The Beauty and Fragility of Life

(Published in CNN Philippines / Jilson Tiu)

Events succeeding the lockdown had me reflecting on life and helped me draw the conclusion that the saying “the beauty of life is its fragility’’ is true after all.  I no longer take note of the countless notifications on my phone and the never ending calls from friends and family  members. Whenever I do dare to pickup my phone and log into any of the social media platforms, I am first greeted by either people venting out their frustration on how boring it gets staying all by oneself at this time or with varying videos, information and even the use of memes to educate the public on how to reduce the spread of the virus, all thanks to COVID 19.

It is most surprising to hear folks who often pride themselves as the inventors of solitude before the lockdown beginning to take on a new identity because the former no longer pass as strength. Enjoying ones personal space, sleeping and working remotely not having to complain about traffic aren’t luxuries any longer. Now, people yearn for those things they complained about before. My friend wishes she was in her office because she was craving for human contact. She stated that as much as she hates to admit it, working with her colleagues wasn’t as miserable as she thought it was. She realized how the stress of commuting everyday to work was part of life, and that she could not wait to get back to work. I giggled, and the only word I can mutter was “you may be surprised by what you come up with when boredom strikes ‘’. Even though I am beginning to question that utterance myself because ever since the lockdown, I have been in search of the  “dopamine feel” I get leaving my house everyday to go get things done. Unfortunately, my new found routine is not fulfilling that very purpose.

Paradoxically, I found out that our attachment to our phones which has always been our way of trying to find stimulation now gives us an overdose of the anxiety and boredom. We find ourselves constantly trying to swipe and scroll the boredom away, but in doing that, we actually discovered that its making us more prone to boredom thus one would say that our tolerance for boredom has reached its peak and we now need more and more to stop being bored. This is worse for people who at this time live alone and have no one to have a face-to-face conversation with which helps in getting the mind off phone addiction.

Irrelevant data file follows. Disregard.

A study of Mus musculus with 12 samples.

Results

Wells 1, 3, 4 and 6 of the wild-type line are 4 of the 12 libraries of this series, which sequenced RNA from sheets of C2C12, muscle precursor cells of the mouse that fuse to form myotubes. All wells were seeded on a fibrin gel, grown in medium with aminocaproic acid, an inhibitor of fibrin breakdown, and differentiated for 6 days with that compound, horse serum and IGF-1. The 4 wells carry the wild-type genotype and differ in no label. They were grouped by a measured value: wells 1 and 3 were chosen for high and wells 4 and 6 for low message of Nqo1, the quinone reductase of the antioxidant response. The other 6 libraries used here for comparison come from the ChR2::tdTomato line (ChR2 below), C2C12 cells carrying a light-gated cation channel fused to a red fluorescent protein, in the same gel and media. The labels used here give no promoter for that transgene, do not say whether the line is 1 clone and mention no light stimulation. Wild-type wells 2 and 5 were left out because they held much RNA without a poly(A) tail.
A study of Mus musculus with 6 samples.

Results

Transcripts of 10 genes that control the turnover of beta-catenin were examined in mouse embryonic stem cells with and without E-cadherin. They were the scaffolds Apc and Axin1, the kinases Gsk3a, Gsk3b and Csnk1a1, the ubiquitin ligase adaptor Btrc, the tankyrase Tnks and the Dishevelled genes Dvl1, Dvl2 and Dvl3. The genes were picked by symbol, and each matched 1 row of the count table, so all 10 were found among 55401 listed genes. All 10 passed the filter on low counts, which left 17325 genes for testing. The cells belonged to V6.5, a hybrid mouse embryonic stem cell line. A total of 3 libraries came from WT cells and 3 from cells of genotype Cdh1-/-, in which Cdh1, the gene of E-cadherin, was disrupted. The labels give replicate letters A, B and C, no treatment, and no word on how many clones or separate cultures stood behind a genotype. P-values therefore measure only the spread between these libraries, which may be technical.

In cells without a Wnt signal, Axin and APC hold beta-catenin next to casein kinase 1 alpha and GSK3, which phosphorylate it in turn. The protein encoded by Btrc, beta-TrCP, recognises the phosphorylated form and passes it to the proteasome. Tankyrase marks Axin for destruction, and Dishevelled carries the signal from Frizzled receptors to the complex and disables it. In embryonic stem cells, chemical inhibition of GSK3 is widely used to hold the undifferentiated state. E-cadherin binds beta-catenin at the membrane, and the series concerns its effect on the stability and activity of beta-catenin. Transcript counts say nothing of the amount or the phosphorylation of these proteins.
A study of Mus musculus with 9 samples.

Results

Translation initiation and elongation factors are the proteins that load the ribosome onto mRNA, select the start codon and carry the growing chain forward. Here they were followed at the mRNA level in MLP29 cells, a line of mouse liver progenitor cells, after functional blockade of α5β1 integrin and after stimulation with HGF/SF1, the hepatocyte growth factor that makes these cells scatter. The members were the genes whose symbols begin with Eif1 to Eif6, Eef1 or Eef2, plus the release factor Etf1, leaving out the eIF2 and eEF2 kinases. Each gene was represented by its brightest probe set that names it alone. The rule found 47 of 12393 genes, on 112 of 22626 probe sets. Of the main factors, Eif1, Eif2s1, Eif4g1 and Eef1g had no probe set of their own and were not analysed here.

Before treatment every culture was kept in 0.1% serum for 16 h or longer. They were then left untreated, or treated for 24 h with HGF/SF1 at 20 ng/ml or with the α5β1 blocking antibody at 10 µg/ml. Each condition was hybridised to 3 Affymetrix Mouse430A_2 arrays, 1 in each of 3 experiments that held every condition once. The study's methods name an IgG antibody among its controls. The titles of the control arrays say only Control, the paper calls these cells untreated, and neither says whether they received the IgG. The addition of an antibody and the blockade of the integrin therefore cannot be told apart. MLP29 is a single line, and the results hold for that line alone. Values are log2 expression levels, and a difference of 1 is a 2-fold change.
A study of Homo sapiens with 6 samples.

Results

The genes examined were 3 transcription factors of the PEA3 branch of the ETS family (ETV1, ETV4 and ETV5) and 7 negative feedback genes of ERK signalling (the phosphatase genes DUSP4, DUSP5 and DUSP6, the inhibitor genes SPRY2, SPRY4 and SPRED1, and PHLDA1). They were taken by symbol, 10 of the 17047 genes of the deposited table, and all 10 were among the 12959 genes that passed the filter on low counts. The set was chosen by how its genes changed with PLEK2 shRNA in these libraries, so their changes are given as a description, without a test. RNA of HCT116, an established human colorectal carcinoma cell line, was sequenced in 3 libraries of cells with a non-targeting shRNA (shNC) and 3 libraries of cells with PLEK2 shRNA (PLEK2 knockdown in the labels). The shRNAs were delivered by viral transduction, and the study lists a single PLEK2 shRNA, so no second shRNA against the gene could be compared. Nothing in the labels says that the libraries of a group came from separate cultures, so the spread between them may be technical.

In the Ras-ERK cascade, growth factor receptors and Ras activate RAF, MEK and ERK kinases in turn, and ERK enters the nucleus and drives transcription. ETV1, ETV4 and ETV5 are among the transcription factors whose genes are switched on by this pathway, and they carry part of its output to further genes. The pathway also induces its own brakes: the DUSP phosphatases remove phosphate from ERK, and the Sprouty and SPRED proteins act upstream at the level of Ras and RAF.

(Published in The Star/REUTERS/Eloisa Lopez)

All of the gloom and doom aside, good can also be seen in the weirdest of times. Although the human mind has a tendency to spin off into unproductive cycles of worrying and wondering, my mind got the much needed perspective on the value of human interaction, solidarity and the unending search for meaning as the world faces a common enemy known as COVID-19. Presently our global family is at war with a virus and the unprecedented challenges posed by this virus have forced countries and cities to shut down, borders to close, and people to isolate and social distance to prevent themselves from becoming the source of transmission. Therefore it wouldn’t be wrong if one worries about the impact and consequences of this new imperative on human interaction and relationship. It’s no longer news that the past several decades witnessed a decline in our relational interaction given the way humans have undeniably tried to bypass all forms of human interaction and finding novel ways of forming relationships.

We have become so electronically connected and so relationally disconnected given that our lifestyles are ever more transient and reliant on digital tools. Further disassociating or disrupting our relational interaction as we self-quarantine, we find ourselves taking a step back to appreciate human interaction and social gatherings . Just like John Ortberg stated, we would agree now that ‘’we’d be better to eat Twinkies together than to eat broccoli alone’’, he obviously read our minds because we cannot have our already broken and divided relationship get worse or more consequential after the COVID-19 exploit.

I am quite positive that this will shape our culture and our approach to relational interaction in the coming years. The effect won’t only be seen on how we interact henceforth but the extraordinary shock to our system that the COVID-19 pandemic is bringing has the potential to harness a new sense of solidarity, patriotism and love of community .

We shouldn’t have waited for a pandemic to realize that we live in one world and that social inequality, climate change and equity issues will hurt us all equally. We now know better that the choices we make on a day-to-day bases to fulfill our personal needs could be the difference between life and death for someone else. Our global family now heeds and obeys the call for solidarity, such a good time to wake up from slumber.


Published: April 30, 2020
Written by Nnedi Aghanya, active WYA member & current intern of WYA Asia Pacific.

Read our WYA President’s Statement of Solidarity amidst the COVID-19 Global Pandemic here.